This design randomly assign twins within a pair, as a pair or randomly, matching for age, sex and genetic susceptibility
- Cross-over design for balance
- Under-used design to date
- Response to exercise study
(Green, Marsh et al., The University of Western Australia)
a. Is response to exercise heritable?
b. Does response to exercise depend on type of exercise?
- Back pain and insomnia study
(Ferreira et al., The University of Sydney)
a. Does a specific web-based sleep intervention also improve back pain?
b. Twins in each pair randomised to opposite arms (one to placebo, one to treatment)
c. Primary outcome is activity limitation and functional outcome (measured by Patient-specific Functional Scale)
d. The Actiwatch will be used to assess participants’ sleep disturbance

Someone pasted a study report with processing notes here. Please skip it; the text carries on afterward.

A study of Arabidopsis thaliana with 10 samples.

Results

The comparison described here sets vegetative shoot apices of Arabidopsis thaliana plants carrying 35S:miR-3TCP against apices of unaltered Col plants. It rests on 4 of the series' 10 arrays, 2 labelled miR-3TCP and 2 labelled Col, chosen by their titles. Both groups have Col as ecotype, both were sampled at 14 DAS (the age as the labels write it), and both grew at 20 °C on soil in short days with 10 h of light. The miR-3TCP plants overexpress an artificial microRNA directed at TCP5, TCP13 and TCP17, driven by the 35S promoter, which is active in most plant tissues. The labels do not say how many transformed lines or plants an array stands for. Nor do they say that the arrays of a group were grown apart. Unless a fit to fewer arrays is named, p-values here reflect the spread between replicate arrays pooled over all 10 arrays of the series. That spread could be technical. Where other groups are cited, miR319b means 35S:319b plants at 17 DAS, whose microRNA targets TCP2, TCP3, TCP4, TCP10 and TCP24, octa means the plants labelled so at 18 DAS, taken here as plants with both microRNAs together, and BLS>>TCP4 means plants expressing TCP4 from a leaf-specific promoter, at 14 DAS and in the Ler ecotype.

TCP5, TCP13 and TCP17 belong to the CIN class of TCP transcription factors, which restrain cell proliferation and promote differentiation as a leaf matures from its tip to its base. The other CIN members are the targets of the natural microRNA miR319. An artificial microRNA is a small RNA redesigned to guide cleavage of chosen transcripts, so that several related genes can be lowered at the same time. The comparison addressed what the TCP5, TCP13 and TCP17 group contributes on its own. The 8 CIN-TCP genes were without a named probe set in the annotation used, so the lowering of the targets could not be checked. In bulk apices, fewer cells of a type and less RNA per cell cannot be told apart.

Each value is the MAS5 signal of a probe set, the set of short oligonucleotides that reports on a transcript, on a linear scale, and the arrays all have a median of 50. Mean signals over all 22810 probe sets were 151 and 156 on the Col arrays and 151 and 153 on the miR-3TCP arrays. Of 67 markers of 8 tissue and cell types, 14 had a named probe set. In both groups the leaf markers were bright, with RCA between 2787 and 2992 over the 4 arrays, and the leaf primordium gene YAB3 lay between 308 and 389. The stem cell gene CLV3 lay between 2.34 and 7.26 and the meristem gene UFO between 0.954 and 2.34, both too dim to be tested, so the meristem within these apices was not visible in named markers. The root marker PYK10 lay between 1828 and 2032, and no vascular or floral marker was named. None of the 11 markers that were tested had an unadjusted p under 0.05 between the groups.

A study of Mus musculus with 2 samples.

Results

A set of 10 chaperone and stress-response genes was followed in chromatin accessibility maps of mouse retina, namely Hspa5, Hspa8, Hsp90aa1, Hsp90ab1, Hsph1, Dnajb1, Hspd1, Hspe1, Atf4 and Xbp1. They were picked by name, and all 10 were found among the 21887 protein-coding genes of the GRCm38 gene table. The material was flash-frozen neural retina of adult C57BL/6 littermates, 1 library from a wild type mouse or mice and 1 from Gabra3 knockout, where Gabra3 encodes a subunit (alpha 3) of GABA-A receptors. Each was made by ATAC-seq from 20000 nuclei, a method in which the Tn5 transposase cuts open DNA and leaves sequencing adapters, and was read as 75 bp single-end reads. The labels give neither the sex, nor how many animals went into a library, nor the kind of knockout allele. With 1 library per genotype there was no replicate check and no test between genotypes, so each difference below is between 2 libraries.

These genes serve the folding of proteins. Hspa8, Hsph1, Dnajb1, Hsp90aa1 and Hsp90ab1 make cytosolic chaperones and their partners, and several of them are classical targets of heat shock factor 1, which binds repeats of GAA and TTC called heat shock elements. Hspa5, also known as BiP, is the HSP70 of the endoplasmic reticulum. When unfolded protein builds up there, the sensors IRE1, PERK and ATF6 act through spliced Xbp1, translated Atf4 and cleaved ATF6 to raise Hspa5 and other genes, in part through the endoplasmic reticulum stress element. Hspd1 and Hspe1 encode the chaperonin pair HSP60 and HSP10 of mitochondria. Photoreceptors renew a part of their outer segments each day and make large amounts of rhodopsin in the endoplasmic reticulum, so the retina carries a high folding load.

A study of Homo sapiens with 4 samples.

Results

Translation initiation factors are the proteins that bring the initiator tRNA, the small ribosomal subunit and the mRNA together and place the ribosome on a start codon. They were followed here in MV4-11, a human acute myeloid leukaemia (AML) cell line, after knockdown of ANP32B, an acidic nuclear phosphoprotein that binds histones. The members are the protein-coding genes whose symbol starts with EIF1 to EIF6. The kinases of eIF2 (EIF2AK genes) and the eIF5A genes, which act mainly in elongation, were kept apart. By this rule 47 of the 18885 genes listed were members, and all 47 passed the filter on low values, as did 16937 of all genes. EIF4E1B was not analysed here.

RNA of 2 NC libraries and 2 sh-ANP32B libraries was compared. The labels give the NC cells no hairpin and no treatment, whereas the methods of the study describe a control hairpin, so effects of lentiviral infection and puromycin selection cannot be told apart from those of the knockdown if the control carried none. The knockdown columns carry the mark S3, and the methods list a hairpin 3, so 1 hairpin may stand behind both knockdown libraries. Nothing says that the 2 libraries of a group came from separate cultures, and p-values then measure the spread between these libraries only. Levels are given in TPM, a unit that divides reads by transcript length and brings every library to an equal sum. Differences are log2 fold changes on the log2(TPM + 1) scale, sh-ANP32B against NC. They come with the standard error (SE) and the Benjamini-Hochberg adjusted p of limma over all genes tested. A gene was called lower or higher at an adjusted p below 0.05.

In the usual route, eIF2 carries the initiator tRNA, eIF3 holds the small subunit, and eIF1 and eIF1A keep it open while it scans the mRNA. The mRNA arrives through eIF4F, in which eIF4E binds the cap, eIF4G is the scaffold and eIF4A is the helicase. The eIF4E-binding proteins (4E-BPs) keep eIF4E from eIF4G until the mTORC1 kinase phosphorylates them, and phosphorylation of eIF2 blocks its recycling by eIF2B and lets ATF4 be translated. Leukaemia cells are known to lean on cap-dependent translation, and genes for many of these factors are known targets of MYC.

- Extensions of previous methods
- Variance components modelling
- Linear and logistic regression with adjustment for correlation
- Systematic review of current approaches:
(Yelland et. al. 2015)
- Work in progress (Sumathipala et al. 2016)
- Power, sample size etc: Work in progress (Yelland et al. 2016)
– Matching for genes could be critical
– Participation enhanced by pairing
– Motivated group
Sharing – twins potential failure to adhere to protocol (including swapping devices).
– “Twins will be asked not to discuss with their co-twins about the intervention they are receiving.”
Yelland, L. N., Sullivan, T. R. and Makrides, M. (2015). Accounting For Multiple Births In Randomised Trials: A Systematic Review. Archives Of Disease In Childhood. Fetal And Neonatal Edition, (100) F116–F120.